Kenya is a country located in eastern Africa. Naturally, the country is blessed with attraction areas such as wildlife reserves, beaches, mountains, amongst other beauty. Some of the main tourist attractions in the country include photo safaris, national parks, game reserves, ancient mosques at Mombasa; the renowned scenery of the Great Rift Valley; the coffee plantations at Thika, Mt. Kenya, and its beaches along the Indian Ocean.
Due to these attraction areas, Kenya is one of the countries in Africa which attracts an influx of tourists. The income it generates for the country, as a result of the presence of visitors creates the second largest source of foreign exchange revenue in the nation, after agriculture.
But as the tourism industry is booming in the country – with the government shifting special attention on the sector to improve its attractions to gain more visitors – there is also another social problem that the government must urgently address.
In 2006, a report by the United Nations International Children’s Emergency Fund said one Kenyan child in three, is involved in underage prostitution. And one major factor that has made child prostitution in the country popular, is the thriving tourism sector. It has been reported that some tourists who visit the country have special interest in sleeping with underage girls. According to a documentary filmed by the RT English News, girls as young as eight and nine years old, have been introduced into prostitution in Kenya.
In May 2014, a special report by the BBC in the coastal town of Malindi, which is about 120 kilometres northeast of Mombasa, revealed that local underage girls in the town are being recruited into prostitution and pornography. Rumored Italian tourists who visit the town, take advantage of the poverty situation in the area to coerce vulnerable girls into acting pornography with their pet dogs, while they record the act.
The journalist of that BBC report said the pornography is being done in small abandoned caves close to the beach. Seaweeds were used as mattress to avoid being discovered in places like hotels, or guest houses. The BBC Focus on Africa program later quoted an unnamed girl as saying “My father is dead and my mother has a lot of children. I go to the beach with my friends and the customers will come and choose the one they like. The customers are between the ages of 50 to 80 and lots of them come from Italy.”
An unnamed local boy who also plays a key role in the underage sex trade in the Malindi town, told the Focus on Africa program “Some tourists tell me that they like the small girls so I go to the town and talk to the girls and bring them here. Some of the girls are students while others are not and they are between the ages of 12 and 17. The tourists say their bloods are old and they need these young girls with fresh blood to warm them. If it is a tourist and a girl for a short time, the price is 50 Euro but if it is a girl and an animal, the price is 500 Dollars.”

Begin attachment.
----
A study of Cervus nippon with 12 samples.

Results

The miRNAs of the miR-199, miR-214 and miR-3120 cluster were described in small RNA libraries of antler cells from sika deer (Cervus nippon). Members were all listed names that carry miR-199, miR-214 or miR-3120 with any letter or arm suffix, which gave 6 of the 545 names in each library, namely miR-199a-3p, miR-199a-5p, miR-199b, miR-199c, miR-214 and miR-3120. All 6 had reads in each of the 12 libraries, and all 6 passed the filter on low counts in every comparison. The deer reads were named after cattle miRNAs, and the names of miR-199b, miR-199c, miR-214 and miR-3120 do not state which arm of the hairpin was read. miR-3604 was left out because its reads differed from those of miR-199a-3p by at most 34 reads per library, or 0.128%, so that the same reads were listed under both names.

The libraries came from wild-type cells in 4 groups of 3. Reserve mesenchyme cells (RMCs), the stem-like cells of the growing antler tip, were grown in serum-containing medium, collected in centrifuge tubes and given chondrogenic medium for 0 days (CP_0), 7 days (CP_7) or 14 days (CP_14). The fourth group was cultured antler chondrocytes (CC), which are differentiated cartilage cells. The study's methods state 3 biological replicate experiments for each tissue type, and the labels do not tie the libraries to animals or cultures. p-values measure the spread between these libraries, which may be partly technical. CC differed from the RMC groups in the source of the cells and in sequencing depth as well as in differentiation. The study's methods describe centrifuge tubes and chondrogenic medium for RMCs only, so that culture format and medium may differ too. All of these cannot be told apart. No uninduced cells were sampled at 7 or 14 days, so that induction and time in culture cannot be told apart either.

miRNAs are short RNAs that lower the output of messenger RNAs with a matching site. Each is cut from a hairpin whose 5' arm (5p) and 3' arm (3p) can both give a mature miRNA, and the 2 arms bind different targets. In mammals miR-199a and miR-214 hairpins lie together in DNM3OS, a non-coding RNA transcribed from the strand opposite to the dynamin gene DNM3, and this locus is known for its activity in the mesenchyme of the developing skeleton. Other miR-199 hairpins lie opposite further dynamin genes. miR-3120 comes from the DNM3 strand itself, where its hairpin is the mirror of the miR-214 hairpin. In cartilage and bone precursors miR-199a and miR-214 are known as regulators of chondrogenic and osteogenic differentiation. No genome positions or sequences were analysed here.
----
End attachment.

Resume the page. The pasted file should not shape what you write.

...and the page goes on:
In Kenya, it is a crime to engage in the commercial sex trade, but poverty and high levels of unemployment have seen women and girls engaging in the act in order to survive. More than 50% of the population in Kenya lives below the poverty line. Already, Kenya is among the top 5 world destinations where child abuse is common.
By law, underage children are not allowed to work in Kenya. However, many underage children are forced to drop out of school because their parents cannot afford to buy textbooks and school uniforms for them.
Underage girls who have no one to care for them, often end up in children’s homes where they are easily targeted and abused. Kenya is flooded with many non-profit organizations claiming to be working to save some of these vulnerable girls. However, observers say these organizations are not doing enough to save the children, but are rather using them to make money instead.
Therefore, the girls have no alternative than to continue in the prostitution business in order to survive. Some are exposed to diseases such as HIV/AIDS and other dangerous Sexually Transmitted Diseases. Others too, become pregnant unexpectedly, continuing the vicious circle of children born into extreme poverty, with the children growing up to follow in the footsteps of their mothers.
The documentary below was filmed by the RT English News. It explores why Kenyan girls go into prostitution. The film also features child protection representatives in the country explaining what they are doing to solve the problems that threaten the future of the many young girls in Kenya today.